Guest Blog Post By: Brooke Cade | Freelance Writer: Workfront

Project managers have the best of both worlds: they oversee the daily tasks of their team where they focus on improving efficiency and workflow on the individual level, but they also work with executives and shareholders to achieve bigger-picture goals. By providing effective project management, you are that magic link that connects the two facets of the workplace, and it’s not an easy job by any means.

Becoming a better project manager should be a goal for your entire career, because the demands of the job are only going to get greater. The better you are at your job, the more responsibility you will be given, the more successful project management you can provide, and the more valuable you will be to your team and company.

Here are three tips for every current or aspiring project manager to help you become better, or even the best, at your job.

1. Become detail-oriented

Coming to the end of your project means many different paths have finally merged and it’s important you oversee each one of those paths to ensure they were followed correctly. Your job is not only to deliver the end result, but to find ways to improve your strategies and skills that lead to that result.

In order to produce more successful project management, look for ways to improve communication, speed up processes, and come in under budget. Be resourceful and, most importantly, be available. While it may not seem like effective project management to have an open door, your team knowing that they can come to you with any tiny detail will identify and solve problems before they become monstrous, especially if you have constructive advice and ideas to share with them.

2. Exude relaxed confidence

There will be many instances when your team gets overwhelmed. There will be times when things go wrong. Deadlines will be missed. Budgets will be overspent. Clients will be disappointed. While part of your job is to ensure these things rarely happen, it’s also your job to deliver successful project management, which means instilling a sense of trust to your team members and clients when these situations arise.

If you handle yourself professionally in stressful situations, not only will you provide your team with the confidence to push through, but you’ll also put your clients and stakeholders at ease knowing that they can trust you to handle the situation. If either of those parties see you lose your cool, they may lose their trust in your ability to handle the project and re-think their decision to hire you, or lose trust in your successful project management ability.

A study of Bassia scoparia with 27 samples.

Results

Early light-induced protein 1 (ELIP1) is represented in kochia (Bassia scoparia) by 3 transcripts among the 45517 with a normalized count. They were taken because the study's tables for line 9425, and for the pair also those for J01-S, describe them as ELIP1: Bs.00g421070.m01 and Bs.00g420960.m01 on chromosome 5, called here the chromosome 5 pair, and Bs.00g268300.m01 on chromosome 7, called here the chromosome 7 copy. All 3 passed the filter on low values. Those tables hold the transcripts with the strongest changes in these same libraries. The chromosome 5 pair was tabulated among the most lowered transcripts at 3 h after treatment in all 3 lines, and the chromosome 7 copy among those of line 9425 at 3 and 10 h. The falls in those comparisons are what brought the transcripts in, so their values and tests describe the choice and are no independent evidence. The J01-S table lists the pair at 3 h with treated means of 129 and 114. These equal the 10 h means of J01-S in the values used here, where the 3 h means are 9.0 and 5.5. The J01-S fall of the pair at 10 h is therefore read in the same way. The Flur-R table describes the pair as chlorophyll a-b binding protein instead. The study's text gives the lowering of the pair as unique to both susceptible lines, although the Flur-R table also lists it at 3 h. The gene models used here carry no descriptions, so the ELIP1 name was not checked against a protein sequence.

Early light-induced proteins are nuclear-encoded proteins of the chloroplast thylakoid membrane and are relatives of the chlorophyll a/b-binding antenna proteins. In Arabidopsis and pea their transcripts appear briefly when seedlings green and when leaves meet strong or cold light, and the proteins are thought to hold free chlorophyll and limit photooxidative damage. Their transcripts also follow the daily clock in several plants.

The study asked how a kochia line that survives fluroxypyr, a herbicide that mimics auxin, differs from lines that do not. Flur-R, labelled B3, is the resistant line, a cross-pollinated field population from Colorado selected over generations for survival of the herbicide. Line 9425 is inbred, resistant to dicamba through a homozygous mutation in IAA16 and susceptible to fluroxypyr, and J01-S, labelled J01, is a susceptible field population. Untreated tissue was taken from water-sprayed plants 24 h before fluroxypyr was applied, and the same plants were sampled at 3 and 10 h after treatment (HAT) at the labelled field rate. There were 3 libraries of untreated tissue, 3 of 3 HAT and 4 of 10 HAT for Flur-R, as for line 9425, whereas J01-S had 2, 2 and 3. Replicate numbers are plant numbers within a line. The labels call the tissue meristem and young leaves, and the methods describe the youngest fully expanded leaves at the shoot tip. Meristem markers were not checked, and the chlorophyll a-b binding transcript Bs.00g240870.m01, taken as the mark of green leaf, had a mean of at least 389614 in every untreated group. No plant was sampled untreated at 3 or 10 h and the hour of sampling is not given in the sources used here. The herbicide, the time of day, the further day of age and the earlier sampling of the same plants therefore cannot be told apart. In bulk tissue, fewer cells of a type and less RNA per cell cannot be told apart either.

3. Take on any task

Your job as a project manager is not just to manage. To provide effective project management, you must not get so caught up in the title that you forget your role—to make sure things get done. Sometimes that means you have to get your hands dirty and jump into the work.

When deadlines and your reputation as a productive and effective project manager are at stake, you must be flexible and willing to fill in as needed to ensure your project meets expectations. Identify tasks where you can let some of the responsibility go and delegate them to people in your team you know will deliver. This successful project management will free you up to focus on other important tasks which need to be completed.

These are just a few suggestions for projects managers or aspiring project managers to add to their skill set, and it is obviously not exclusive nor exhaustive. To learn more, check out this article by Workfront on 81 Tips from Project Management Experts.

Brooke Cade is a freelance writer with Workfront. When she is not writing, Brooke is committed to learning more about helping businesses and marketing professionals succeed with their project management goals.